A Fine Man Once Said:

"Part of the 10 million I spent on gambling, part of it on booze, and part of it on women. The rest I spent foolishly."

- George Raft

Sunday, October 6, 2013

Passaggio Cravatte Ties - In A Class By Themselves

Gianni Cerutti, the co-owner of Passaggio Cravatte, was kind enough to send me a few ties to review for An Uptown Dandy. I used the standard ordering procedure, which is to say that Gianni began by sending me dozens of fabric images to choose from. Once I'd selected the fabrics, Gianni let me know which tie configurations  (three fold, six fold, seven fold, etc.) were available based on the amount of fabric remaining for my selections.

With that in mind, I selected two vintage fabrics - and as it turned out, the photos really didn't do them justice. The first was a vintage grenadine (Gianni referred to it as "garza") in navy with a red and gold square pattern. Gianni used that fabric to make a tie in the "authentic" 1900s seven fold style, with the tie untipped with hand-rolled edges. The second was a beautiful vintage red silk that we decided would be best in a "standard" three fold.

I then provided preferred length and width measurements for each tie - the blue grenadine seven fold would be 9.5 cm wide while the red three fold would be 9 cm. Gianni took about two weeks to make the ties to the specifications that we discussed. Two days after notifying me that the ties were ready, they arrived at my door.

To put it simply, these ties are true works of art. I'm not entirely sure what is the most impressive feature of Gianni's work. The ties are made entirely by hand - the hand-rolled edges are beautiful - which is certainly impressive. Personally, however, I was really very impressed with the vintage silks that were used. The navy blue grenadine and red silk print were both luxurious to the touch and, as it turned out, both made a fine knot.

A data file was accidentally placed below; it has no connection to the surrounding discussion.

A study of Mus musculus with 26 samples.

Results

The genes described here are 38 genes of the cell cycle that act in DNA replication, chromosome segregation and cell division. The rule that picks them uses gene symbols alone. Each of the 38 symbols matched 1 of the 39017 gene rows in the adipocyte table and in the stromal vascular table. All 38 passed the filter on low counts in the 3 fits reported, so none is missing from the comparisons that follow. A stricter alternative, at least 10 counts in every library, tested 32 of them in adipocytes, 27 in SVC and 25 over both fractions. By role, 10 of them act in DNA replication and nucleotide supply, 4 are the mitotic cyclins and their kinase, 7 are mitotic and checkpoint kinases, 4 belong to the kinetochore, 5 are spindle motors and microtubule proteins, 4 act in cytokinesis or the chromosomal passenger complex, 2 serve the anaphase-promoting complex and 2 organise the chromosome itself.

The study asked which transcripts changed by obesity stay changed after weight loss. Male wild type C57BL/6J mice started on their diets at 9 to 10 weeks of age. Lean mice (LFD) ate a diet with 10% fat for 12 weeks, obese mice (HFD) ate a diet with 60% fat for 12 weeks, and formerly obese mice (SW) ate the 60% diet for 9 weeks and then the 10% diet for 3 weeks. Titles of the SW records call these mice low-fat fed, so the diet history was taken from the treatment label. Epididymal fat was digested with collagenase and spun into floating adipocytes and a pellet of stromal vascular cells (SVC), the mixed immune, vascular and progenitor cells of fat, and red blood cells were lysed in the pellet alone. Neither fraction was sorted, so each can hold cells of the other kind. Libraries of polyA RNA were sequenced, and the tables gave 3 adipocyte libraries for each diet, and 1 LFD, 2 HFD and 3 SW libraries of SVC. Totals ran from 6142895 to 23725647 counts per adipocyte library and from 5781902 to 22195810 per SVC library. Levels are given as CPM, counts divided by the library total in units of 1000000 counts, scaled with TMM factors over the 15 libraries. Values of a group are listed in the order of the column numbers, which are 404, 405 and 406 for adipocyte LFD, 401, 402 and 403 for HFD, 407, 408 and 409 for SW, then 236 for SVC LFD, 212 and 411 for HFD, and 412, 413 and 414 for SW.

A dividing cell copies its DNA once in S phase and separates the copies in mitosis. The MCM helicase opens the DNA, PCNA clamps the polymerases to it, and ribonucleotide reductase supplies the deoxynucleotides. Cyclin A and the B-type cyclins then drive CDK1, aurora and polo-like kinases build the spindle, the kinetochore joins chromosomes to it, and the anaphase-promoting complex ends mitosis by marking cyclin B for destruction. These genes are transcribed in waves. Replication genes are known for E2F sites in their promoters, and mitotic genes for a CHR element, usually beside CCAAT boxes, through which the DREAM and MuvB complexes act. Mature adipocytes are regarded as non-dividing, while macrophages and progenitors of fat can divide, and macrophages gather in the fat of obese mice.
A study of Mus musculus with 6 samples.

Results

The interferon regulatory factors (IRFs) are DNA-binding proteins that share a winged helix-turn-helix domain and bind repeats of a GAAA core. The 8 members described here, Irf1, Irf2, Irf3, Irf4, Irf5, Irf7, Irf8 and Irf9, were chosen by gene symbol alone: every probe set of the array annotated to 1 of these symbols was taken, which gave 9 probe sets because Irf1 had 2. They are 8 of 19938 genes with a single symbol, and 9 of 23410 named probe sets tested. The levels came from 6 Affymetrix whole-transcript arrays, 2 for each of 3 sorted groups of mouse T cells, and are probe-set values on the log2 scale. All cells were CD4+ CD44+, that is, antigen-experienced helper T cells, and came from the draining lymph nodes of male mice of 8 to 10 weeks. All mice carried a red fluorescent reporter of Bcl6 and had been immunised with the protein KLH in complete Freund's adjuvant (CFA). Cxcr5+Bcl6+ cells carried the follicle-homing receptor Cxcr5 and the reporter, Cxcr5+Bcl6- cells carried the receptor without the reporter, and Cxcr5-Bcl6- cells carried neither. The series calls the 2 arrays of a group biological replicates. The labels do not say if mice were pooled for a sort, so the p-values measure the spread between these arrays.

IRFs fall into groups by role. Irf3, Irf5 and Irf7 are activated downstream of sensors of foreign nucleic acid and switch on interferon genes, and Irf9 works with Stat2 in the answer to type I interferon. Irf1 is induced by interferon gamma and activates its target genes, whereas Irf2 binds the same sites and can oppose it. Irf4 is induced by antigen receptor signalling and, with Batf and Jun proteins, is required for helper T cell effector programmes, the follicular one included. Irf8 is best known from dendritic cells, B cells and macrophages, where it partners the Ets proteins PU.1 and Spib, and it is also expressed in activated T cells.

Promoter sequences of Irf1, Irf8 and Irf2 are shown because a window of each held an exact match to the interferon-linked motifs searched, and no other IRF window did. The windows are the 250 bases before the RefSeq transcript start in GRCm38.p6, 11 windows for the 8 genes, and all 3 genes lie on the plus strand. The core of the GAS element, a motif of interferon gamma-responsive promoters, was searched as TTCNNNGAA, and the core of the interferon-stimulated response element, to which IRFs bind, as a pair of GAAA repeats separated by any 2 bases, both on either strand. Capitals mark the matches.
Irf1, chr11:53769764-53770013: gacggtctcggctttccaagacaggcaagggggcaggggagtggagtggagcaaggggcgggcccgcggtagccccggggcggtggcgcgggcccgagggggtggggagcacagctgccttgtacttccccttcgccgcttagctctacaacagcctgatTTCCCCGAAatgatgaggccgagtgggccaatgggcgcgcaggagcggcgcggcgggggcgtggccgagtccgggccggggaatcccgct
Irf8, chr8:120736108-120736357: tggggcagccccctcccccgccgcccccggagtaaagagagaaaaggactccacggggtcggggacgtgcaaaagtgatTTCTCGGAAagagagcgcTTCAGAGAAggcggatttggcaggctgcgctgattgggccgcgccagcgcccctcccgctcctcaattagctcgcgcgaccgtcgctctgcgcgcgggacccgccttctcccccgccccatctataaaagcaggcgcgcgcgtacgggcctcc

Both ties were unlined - my initial concern was that this might affect the knot in a negative way. But I liked the lightweight feel of the tie in general and the knot in particular. There is an airiness to the structure that is hard to describe. But I wore the blue grenadine on an 80 degree day here in New York City, with a linen suit, so the lightness of the unlined seven fold grenadine seemed to complement the linen perfectly.

All in all, I would have to say that Passaggio Cravatte's bespoke ties compare very favorably to the lined seven folds that I have purchased previously from Borrelli, Kiton, and Brioni. The level of handwork is unparalleled, while the stock of vintage fabrics available to choose from is equally impressive. Those two factors, coupled with the length, width, fabric, and configuration options available via the company's bespoke operation, moves Passaggio Cravatte into the upper echelon of Italian tie-makers.